One More Reason to Secure Your Wireless Network

In a federal court case decided earlier this year, United States v. Ahrndt, the court held that an individual had no reasonable expectation of privacy in the use of an unsecured wireless network. The details of this decision are instructive for those still looking at questions of network privacy and security.

This case had its start in 2007, when a woman referred to as JH was using her personal computer at her home in Oregon. She was connected to the internet via her own wireless network, but when her wireless network malfunctioned, her computer automatically picked up another nearby wireless network. JH opened the shared library and found a subfolder called “Dad’s Limewire Tunes.” JH opened “Dad’s Limewire Tunes” and observed files with names that indicated they were child pornography. That shared library was traced back to the defendant, Mr. Ahrndt, a convicted sex offender.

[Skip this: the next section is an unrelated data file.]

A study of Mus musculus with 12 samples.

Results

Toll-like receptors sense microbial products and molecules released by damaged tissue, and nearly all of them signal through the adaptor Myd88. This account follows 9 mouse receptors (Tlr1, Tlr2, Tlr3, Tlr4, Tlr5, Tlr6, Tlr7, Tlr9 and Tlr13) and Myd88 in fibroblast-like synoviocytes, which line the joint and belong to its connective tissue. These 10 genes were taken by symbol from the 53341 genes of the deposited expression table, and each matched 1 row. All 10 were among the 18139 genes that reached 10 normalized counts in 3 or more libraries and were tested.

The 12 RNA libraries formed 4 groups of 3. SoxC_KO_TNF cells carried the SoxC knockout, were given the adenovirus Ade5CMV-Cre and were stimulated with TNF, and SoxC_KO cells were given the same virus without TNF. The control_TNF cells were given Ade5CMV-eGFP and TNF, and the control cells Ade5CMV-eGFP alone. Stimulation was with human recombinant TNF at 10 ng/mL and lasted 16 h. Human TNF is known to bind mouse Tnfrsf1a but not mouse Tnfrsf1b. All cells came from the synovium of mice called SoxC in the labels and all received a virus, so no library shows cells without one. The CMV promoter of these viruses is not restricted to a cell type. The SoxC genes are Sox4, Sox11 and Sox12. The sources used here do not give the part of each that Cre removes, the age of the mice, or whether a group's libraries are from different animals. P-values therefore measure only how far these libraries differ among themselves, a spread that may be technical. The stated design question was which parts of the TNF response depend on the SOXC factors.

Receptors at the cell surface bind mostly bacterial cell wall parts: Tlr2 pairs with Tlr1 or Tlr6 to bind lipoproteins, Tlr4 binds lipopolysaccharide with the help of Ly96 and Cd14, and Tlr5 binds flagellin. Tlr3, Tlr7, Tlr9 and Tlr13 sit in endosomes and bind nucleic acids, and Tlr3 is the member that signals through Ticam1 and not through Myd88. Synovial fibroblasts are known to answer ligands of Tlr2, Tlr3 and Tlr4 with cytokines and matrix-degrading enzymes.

Ahrndt moved to surpress much of the evidence that was found on his computer, arguing that the Fourth Amendment provides a reasonable, subjective expectation of privacy in the contents of a shared iTunes library on a personal computer connected to an unsecured home wireless network. The court held that society recognizes a “lower expectation of privacy in information broadcast via an unsecured wireless network router than in information transmitted through a hardwired network or password-protected network.” The opinion went on to note that “[s]ociety’s recognition of a lower expectation of privacy in unsecured wireless networks, however, does not alone eliminate defendant’s right to privacy under the Fourth Amendment. In order to hold that defendant had no right to privacy, it is also necessary to find that society would not recognize as reasonable an expectation of privacy in the contents of a shared iTunes library available for streaming on an unsecured wireless network.” And that is precisely what the Court concluded: “When a person shares files on LimeWire, it is like leaving one’s documents in a box marked ‘free’ on a busy city street.”